Federal Reserve Preview: A Glass Half Empty?

The Federal Reserve is widely expected to leave monetary policy unchanged on 29 January, but with hints of economic softness amongst the equity market euphoria we continue to see risks skewed towards lower rather than higher interest rates later in 2020.

The Fed's quiet confidence

Back in late August all the talk was of a potential recession. Business surveys were softening, the yield curve had inverted and equities were looking vulnerable. Fast forward five months and three Fed rate cuts, a phase one trade deal and the Fed re-expanding its balance sheet have helped turn the situation round and pump equity markets to new all-time highs. Inflation is broadly in line with target and the unemployment rate remains at 50+ year lows so in this environment there is no reason for the Fed to deviate from its December assessment that “the current stance… is appropriate”. The target range for Fed funds will, therefore, remain 1.5-1.75% after Wednesday’s announcement.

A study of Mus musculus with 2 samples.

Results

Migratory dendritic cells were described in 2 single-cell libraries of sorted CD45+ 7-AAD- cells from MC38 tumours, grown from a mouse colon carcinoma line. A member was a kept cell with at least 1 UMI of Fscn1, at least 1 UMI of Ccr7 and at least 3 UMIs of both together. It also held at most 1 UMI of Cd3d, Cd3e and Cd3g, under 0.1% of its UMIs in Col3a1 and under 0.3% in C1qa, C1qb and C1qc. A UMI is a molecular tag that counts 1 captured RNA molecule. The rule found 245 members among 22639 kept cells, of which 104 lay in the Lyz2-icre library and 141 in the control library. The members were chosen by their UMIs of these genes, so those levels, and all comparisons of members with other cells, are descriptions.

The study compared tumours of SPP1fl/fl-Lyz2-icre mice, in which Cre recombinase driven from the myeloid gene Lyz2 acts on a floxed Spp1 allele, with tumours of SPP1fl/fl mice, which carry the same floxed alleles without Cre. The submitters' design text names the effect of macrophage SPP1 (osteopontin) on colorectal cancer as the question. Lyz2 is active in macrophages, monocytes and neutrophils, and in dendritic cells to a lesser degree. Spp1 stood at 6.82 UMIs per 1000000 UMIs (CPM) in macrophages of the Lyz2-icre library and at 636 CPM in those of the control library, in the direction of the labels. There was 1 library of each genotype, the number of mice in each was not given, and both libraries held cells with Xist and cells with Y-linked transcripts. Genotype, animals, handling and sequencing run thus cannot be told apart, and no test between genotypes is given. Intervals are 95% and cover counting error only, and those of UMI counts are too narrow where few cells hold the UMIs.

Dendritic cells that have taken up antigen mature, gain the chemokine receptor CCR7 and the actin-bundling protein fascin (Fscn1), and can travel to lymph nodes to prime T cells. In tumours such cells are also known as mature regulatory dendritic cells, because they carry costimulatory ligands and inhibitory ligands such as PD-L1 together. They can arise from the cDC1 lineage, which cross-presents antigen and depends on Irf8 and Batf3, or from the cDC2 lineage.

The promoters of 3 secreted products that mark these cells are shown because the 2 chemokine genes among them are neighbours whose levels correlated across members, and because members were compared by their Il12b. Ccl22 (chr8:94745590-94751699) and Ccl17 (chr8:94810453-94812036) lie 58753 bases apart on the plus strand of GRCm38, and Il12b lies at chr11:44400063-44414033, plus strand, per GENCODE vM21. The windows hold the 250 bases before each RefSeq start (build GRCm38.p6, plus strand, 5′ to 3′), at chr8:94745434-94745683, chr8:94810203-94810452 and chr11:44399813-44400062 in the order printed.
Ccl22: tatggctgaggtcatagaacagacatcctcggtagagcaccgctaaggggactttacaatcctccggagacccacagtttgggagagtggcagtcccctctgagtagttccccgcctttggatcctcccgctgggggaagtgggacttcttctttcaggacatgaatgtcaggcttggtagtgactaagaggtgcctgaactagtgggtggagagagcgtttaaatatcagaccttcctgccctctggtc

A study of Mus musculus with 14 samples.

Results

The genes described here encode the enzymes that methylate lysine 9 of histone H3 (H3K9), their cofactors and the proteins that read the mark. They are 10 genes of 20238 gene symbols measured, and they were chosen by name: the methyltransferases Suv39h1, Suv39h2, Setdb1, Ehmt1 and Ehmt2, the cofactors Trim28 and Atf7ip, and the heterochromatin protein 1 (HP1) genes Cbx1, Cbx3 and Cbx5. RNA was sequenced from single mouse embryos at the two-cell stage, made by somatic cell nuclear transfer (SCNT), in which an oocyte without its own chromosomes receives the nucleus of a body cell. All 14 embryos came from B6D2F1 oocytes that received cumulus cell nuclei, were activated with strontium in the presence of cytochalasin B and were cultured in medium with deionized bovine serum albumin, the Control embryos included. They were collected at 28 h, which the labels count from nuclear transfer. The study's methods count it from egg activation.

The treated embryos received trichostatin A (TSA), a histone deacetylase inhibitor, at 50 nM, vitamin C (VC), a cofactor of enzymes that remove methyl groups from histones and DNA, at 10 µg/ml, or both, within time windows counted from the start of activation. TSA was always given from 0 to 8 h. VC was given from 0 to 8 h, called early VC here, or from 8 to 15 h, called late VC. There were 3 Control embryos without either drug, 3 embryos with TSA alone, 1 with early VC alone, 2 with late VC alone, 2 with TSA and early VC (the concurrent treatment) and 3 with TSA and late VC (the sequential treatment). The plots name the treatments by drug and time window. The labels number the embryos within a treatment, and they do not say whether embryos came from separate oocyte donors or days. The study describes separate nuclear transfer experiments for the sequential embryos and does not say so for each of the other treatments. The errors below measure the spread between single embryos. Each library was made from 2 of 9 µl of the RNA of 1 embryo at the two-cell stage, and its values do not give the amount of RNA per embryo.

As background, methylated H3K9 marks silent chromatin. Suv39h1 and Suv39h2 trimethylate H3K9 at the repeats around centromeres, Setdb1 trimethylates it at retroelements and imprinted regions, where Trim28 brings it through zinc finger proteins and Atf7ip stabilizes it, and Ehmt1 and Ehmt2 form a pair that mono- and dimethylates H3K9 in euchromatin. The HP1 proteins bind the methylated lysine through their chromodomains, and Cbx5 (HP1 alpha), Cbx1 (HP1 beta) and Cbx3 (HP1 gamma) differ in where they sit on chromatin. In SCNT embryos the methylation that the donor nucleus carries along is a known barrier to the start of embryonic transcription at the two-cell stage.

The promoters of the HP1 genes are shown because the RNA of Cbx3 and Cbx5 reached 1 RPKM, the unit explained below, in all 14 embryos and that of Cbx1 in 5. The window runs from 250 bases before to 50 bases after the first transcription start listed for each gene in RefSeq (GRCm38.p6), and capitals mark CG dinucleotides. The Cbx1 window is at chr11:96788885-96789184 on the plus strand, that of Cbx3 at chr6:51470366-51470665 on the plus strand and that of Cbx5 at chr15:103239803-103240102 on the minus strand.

With no new forecasts being released at this meeting it will be the tone of Jerome Powell’s press conference and the actual vote that is likely to be of most interest for markets. The annual rotation of voting members means that James Bullard (the dovish St Louis Fed President), Eric Rosengren (hawkish Boston Fed President) and Esther George (hawkish Kansas City Fed President) have been replaced by Richmond Fed President Thomas Barkin, The Atlanta Fed’s Raphael Bostic, and Mary Daly, the San Francisco Fed President. On the face of it these new voters appear to be more centrist than the three they replace and are likely to contribute to unanimous decision for no policy change.

We would also expect to hear Jerome Powell retaining his cautiously upbeat language, particularly given the positive conclusion to US-China trade talks. He is likely to reiterate that we will need to see a “material change” for the Fed to consider a policy shift. With the recent data flow suggesting the US is growing respectably, if unspectacularly, and with 4Q GDP set to have expanded by around 2% there is little sign of "material change" happening. As such this briefing is unlikely to be a catalyst for major market swings and that is the way the Fed would likely want it.